It’s always the right time to visit New Orleans, and that’s especially true in 2018. This year, the city celebrates its Tricentennial, which means the Crescent City’s parties are going to be even better.
While you can always count on world-class cuisine, arts and entertainment, the Crescent City’s social calendar is always packed with special events. No matter when you’re heading to NOLA, there’s sure to be something wild going on.
Check out this selection of annual events to keep the party going all year round.
January – March
Mardi Gras may be the most famous New Orleanian tradition, but the city’s annual Mardi Gras season starts way before Fat Tuesday. Beginning in January, local Carnival krewes host their own parades, balls and other celebrations. The city has a rich history of LGBT Carnival krewes, including the Egyptian-themed Krewe of Amon-Ra, the Krewe of Armeinius and the oldest active gay carnival krewe, Krewe of Petronius. Each throws their own ball leading up to Mardi Gras.
Spend actual Mardi Gras celebrating the Bourbon Street Awards, a costume contest hosted by Ambush Magazine. Afterward, stick around for the annual Official Gay Mardi Gras Bead Toss from the Ambush Mansion.
The city gets lit each spring for the Tennessee Williams Literary Festival. Authors, actors and musicians flock to New Orleans for panels and masterclasses. It’s not just for bookworms, though. Those with a flair for the dramatic can show off their acting chops with a Streetcar Named Desire-inspired contest to find the man or woman who can best scream “STELLA!”
As part of the Tennessee Williams Literary Festival, LGBT publishers, writers and activists host the Saints and Sinners Literary Festival. The festival began as a way to educate and spread awareness around HIV/AIDS, it’s now a celebration of LGBT literature that’s attracted the likes of Steven Saylor, William Mann and even Scissor Sisters’ Jake Shears.
April – June
Shake a cottontail with all your favorite peeps down at the Official Gay Easter Parade, held annually. Summer suits and Easter dresses are suggested, along with, of course, fancy hats.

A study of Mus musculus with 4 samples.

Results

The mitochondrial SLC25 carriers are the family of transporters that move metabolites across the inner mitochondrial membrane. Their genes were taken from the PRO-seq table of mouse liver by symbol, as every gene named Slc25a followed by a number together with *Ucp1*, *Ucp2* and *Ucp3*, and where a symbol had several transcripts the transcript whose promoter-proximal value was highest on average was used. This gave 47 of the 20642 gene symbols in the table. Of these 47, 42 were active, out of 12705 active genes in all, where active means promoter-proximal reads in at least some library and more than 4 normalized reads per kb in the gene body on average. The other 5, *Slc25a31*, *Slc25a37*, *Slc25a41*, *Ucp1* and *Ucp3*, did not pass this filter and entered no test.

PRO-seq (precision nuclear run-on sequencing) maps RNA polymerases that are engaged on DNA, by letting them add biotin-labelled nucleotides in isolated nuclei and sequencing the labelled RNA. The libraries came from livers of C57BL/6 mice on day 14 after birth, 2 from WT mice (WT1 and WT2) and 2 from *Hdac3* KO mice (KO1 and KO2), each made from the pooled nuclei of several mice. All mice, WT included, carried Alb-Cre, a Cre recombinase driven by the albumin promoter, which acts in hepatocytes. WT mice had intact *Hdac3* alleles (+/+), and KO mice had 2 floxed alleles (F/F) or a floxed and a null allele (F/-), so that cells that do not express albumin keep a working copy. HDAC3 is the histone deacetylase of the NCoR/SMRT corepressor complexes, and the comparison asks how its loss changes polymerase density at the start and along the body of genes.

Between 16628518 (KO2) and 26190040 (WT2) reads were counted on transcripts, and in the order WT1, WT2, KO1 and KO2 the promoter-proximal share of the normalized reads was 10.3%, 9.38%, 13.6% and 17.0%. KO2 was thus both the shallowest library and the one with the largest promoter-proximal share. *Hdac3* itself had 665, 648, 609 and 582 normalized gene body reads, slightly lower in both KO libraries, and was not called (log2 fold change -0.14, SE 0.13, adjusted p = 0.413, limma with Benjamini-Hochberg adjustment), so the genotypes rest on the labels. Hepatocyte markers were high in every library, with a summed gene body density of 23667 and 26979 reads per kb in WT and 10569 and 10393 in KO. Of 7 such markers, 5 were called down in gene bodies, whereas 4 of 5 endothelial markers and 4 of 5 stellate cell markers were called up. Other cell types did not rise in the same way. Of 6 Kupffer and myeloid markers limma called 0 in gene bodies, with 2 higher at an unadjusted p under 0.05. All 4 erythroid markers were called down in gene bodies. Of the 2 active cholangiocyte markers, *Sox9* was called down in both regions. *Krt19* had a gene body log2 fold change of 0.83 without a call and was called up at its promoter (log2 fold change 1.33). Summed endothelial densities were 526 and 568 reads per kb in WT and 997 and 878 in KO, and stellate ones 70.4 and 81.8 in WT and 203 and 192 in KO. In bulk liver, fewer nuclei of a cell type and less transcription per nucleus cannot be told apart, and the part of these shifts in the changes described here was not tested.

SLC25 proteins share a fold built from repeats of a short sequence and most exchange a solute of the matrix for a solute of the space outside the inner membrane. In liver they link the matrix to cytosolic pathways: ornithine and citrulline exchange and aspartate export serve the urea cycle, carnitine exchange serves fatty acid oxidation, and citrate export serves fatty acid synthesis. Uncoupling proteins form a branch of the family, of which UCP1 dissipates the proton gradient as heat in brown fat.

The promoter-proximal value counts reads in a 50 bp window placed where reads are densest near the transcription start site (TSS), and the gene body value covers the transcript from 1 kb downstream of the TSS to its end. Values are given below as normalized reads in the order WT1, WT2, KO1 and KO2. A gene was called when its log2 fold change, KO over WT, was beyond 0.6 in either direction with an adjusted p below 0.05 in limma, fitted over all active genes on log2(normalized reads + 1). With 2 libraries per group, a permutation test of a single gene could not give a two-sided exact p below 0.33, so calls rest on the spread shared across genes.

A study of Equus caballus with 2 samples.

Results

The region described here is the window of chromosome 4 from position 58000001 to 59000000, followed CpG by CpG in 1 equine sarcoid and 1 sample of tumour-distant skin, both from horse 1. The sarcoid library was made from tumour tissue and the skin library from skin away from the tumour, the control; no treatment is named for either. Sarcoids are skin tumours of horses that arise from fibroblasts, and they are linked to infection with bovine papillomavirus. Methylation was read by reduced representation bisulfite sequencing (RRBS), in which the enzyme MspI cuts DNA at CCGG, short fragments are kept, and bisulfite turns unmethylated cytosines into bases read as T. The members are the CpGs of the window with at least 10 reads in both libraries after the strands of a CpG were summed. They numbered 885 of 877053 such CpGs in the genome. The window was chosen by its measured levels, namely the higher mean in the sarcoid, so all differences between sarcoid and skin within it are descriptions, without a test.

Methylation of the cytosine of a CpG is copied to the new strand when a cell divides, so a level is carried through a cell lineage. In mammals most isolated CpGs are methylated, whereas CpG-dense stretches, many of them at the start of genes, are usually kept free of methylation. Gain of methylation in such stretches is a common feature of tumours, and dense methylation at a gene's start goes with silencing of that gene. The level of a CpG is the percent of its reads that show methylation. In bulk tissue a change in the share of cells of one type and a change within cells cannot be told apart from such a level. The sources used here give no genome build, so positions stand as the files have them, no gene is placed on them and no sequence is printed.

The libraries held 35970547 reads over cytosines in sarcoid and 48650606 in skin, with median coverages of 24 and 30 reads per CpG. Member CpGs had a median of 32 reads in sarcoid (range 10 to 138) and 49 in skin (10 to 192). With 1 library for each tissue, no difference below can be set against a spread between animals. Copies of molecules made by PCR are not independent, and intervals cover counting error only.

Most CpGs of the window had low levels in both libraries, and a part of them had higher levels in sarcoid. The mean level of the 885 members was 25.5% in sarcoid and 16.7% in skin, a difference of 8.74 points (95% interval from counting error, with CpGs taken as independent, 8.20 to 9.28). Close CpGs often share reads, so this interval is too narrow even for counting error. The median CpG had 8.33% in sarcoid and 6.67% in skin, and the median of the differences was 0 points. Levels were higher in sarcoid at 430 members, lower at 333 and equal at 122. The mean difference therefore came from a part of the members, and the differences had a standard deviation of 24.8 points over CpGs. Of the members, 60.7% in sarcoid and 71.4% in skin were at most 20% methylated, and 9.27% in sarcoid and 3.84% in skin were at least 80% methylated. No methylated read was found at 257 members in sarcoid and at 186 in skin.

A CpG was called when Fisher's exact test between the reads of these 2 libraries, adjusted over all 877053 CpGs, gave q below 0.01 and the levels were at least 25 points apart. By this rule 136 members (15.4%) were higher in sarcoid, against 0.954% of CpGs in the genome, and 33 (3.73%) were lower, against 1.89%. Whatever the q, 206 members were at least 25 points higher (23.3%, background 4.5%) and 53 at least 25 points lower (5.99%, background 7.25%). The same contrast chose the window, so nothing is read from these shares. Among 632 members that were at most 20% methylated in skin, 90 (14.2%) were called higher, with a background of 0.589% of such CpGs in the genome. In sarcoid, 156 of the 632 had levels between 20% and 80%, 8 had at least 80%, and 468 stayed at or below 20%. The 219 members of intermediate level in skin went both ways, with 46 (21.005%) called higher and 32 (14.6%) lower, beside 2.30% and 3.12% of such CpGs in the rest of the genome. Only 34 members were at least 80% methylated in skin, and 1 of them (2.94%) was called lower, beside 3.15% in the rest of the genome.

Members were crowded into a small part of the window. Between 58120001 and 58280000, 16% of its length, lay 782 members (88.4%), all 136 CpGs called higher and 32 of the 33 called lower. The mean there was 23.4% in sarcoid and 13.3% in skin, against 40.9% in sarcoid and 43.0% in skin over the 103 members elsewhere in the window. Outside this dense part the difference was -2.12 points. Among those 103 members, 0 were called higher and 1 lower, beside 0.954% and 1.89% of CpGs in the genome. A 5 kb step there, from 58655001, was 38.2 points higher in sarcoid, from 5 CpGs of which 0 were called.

While not a specifically LGBT event, New Orleans Jazz and Heritage Festival is one of the world’s best music festivals. Beyond its namesake, Jazz Fest celebrates a wide spectrum of musical styles, including R&B, rock, funk, Latin, zydeco and more. This year’s performers at the multi-day festival include Aerosmith, Aretha Franklin, Sting, Beck, Lionel Richie, David Byrne, Bonnie Raitt, Khalid, Sheryl Crow, and many, many more.
You’ve likely never celebrated Memorial Day quite like the folks who have participated in the Mascara Run. The yearly LGBT bar crawl challenges runners to eat (or drink) a designated item at each stop while progressively getting more dressed in drag. At the first stop, you might put on heels, then a wig at the next, so on and so on. Proceeds go to the New Orleans Center for Creative Arts, a performing arts high school located in the Marigny.
One of the most important events for the Crescent City’s LGBT community is New Orleans Pride. The weekend-long celebration has nearly tripled in size since 2012. Held annually during the third week of June, the festivities include a kick-off party, family day, parade, after party and a brunch.
New Orleans best businesses and entertainment are rewarded at the Gay Appreciation Awards, hosted by Ambush Magazine. The red carpet and gala event raises money for Southern Decadence and its charities with proceeds from VIP private tables, door donations and tips. Categories include Neighborhood Bar of the Year and Circuit Party/Event of the Year, among others.
July – September
Any aspiring mixologist (or curious lush) would be remiss to skip Tales of the Cocktail, a yearly gathering of the world’s best bartenders and dozens of the city’s bars and restaurants. New Orleans has a rich history of cocktail innovation. It’s home to creation of the Sazerac, Hurricane, Vieux Carré, Ramos Gin Fizz and more.
Running’s a real drag for the New Orleans Hash House Harriers, sponsors of the Red Dress Run. As the name implies, the 3-4 mile run encourages participants to complete the race in a red dress (or less).
New Orleans’ largest LGBT event is Southern Decadence, which attracts hundreds of thousands of visitors to the city each Labor Day weekend. Often referred to as simply “Gay Mardi Gras” this raucous celebration is one of nation’s premier LGBT traditions. Expect costumes, a parade and lots of wild parties.
October – December
For a spooky, sexy Halloween celebration, there’s no city better for LGBT revelers to get their freak on than New Orleans. Halloween New Orleans is a multi-day bash featuring a black-tie gala, multiple parties and a sacred brunch. Proceeds benefit Project Lazarus, a New Orleans home for men and women with HIV/AIDS.
The third annual InFringe Festival is slated to return to New Orleans Nov. 7-11, 2018. The alternative theatre, art and performance festival puts on dozens of shows across the city. Everything from stirring drama to laugh-out-loud comedy, burlesque and the bizarre are on display as the extended weekend of events keeps theatre-goers enthralled and entertained.
In December, take advantage of New Orleans’ Reveillon tradition to sample the menus at some of the Crescent City’s best restaurants. Inspired by a 19th century tradition of large meals following Christmas Eve mass, the modern incarnation of Reveillon features special pre-fixe menus throughout December at popular eateries like Vacherie and Tujague’s.